Capturing light frequencies: Towards sonic languages of electronic encounter

Accompanying text

Text by Erin Gee

Created during a time of social isolation, multidisciplinary artist Stephanie Castonguay developed Capturing Light Frequencies from the electronic and magnetic properties of everyday objects in her home studio. Using modified scanner heads, Castonguay was able to listen in to the electronic gasps and chatter of minerals, electronic waste and bioplastic as she manipulated them with her own hands.

Castonguay’s exploration of everyday technological objects as musical material hearken back to the roots of avant garde electronic music, recalling French composer Pierre Schaeffer’s 1950s development of musique concrete. In musique concrete, Schaeffer analyzed and notated new music based on how the sounds of everyday objects were transformed through recording technologies. Schaeffer’s experiments in audio recording articulated how technology transformed human perception of material through mediation. Schaeffer would eventually use these perceptual shifts as a basis for challenging the foundational nature of pitch, duration, and musical notation in compositions. I see in Castonguay’s work a contemporary extension of these ideas, however Castonguay’s is a language of sound that builds upon contemporary languages of technological encounter on the level of materiality itself. In making her music, Castonguay exhibits curiosity and sensitivity in the face of a non-human perspective: in doing so, she reveals surprising and somewhat chaotic physicality at the microscale: evoking languages of materiality relative to energy exchange, encounter, and communication. Noise is just one natural outcome of this work.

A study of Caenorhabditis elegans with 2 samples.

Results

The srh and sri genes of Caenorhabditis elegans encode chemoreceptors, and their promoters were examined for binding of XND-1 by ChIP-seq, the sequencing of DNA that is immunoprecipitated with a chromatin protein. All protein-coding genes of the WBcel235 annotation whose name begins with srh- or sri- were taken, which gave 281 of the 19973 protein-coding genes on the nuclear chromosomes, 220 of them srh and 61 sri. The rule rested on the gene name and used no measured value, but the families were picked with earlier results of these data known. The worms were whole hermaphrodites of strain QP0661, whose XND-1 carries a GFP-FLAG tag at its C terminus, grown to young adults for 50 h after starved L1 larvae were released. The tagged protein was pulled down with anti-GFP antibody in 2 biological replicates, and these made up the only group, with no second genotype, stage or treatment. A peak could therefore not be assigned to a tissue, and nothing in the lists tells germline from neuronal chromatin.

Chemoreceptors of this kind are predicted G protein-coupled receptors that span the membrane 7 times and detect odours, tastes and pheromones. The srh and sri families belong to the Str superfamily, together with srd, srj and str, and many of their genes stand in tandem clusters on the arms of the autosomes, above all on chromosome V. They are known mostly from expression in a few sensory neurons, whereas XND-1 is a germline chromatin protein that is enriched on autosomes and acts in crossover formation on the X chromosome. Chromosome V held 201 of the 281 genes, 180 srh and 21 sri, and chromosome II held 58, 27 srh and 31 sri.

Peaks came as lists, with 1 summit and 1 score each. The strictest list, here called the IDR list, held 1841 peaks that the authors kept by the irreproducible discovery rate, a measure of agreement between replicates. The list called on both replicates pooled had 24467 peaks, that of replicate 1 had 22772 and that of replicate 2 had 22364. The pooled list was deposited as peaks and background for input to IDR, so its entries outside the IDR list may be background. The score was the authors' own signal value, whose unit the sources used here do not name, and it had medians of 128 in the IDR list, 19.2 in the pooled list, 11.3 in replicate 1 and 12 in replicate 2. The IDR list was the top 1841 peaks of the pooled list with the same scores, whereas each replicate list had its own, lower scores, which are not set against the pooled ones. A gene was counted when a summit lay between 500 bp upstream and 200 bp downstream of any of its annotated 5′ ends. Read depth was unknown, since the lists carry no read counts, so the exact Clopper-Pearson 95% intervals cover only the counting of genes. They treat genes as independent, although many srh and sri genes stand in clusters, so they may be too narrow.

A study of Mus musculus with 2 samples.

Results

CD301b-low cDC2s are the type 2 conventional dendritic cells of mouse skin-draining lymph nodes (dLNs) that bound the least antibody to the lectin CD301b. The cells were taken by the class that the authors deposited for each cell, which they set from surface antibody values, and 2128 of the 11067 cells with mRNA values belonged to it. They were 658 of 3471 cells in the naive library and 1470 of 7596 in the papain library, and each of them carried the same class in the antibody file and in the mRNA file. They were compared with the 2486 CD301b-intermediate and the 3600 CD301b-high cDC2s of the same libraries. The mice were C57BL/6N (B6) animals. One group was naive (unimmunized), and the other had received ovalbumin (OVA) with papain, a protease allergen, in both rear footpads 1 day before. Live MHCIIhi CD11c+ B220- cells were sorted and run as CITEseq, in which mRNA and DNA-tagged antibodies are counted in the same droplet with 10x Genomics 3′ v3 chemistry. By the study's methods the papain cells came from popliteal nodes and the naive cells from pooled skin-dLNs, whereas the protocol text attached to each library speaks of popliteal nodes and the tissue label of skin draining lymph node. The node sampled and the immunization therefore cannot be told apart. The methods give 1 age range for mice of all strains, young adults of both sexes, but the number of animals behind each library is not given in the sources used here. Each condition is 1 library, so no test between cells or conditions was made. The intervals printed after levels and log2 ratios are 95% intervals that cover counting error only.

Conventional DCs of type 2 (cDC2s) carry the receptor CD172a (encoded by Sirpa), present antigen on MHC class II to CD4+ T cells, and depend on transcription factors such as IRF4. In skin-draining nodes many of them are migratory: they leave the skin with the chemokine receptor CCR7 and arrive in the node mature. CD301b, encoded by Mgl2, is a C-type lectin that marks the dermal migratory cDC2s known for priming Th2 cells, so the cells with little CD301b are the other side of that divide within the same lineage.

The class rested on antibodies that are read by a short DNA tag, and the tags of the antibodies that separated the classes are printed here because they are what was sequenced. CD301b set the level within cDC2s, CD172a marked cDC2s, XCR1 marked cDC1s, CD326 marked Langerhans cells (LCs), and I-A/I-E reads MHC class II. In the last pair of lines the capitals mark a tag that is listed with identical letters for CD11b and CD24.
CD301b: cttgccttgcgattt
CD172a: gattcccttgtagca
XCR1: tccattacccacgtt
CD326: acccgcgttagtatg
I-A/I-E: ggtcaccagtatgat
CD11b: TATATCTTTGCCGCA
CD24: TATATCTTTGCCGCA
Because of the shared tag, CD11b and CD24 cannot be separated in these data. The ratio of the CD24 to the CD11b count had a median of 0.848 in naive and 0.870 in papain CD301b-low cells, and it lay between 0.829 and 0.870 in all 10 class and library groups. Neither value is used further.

As Donna Haraway wrote in her 1989 Cyborg Manifesto: writing, power, and technology are older partners in humanist and modernist Western stories of the origin of civilization. Today, she says, “our best machines are made of sunshine; they are all light and clean because they are nothing but signals, electromagnetic waves, a section of a spectrum, and these machines are eminently portable, mobile — a matter of immense human pain in Detroit and Singapore. People are nowhere near so fluid, being both material and opaque.” Castonguay’s work tells a story of interaction between the opaque human body and these quivering electronic worlds: one that is organic, fragile, and darkly contemplative. Developing DIY technologies for making the normally imperceptible energies of technological objects audible, Castonguay’s music is perhaps not best understood through musical writing and notation, or even timbre and gesture, but rather upon fragile sensitivities and emergences of the normally invisible encounter on the material level.

Castonguay builds upon a contemporary evolution of avant garde musical language, one that emphasizes today’s seemingly immaterial materialities of constant connectivity, the ubiquity of 5G radio towers, and the growing dependence humanity has on infrasonic waves that crash and penetrate one another independent of our perception. While noise and glitch are embraced in Castonguay’s work, Capturing Light Frequencies does not appear to be a fetishization of error, failure, loudness or excessive signal. Instead, I see in the noisy materiality of Castonguay’s work echoes of sound studies scholar Marie Thompson: that glitch and noise go beyond these dichotomies of wanted sound (signal) and unwanted sound (noise). Adopting Thompson’s metaphors, one can also consider noise as the material soundings of communication media themselves: the materiality of technological utterance when it meets human perception, when mediation makes the once immaterial real.

Works cited:

Haraway, Donna J. ‘A Cyborg Manifesto: Science, Technology, and Socialist-Feminism in the Late Twentieth Century’. In Simians, Cyborgs and Women: The Reinvention of Nature, 149–81. New York: Routledge, 1991.

Thompson, Marie. Beyond Unwanted Sound: Noise, Affect and Aesthetic Moralism. Paperback edition. New York: Bloomsbury Academic USA, 2017.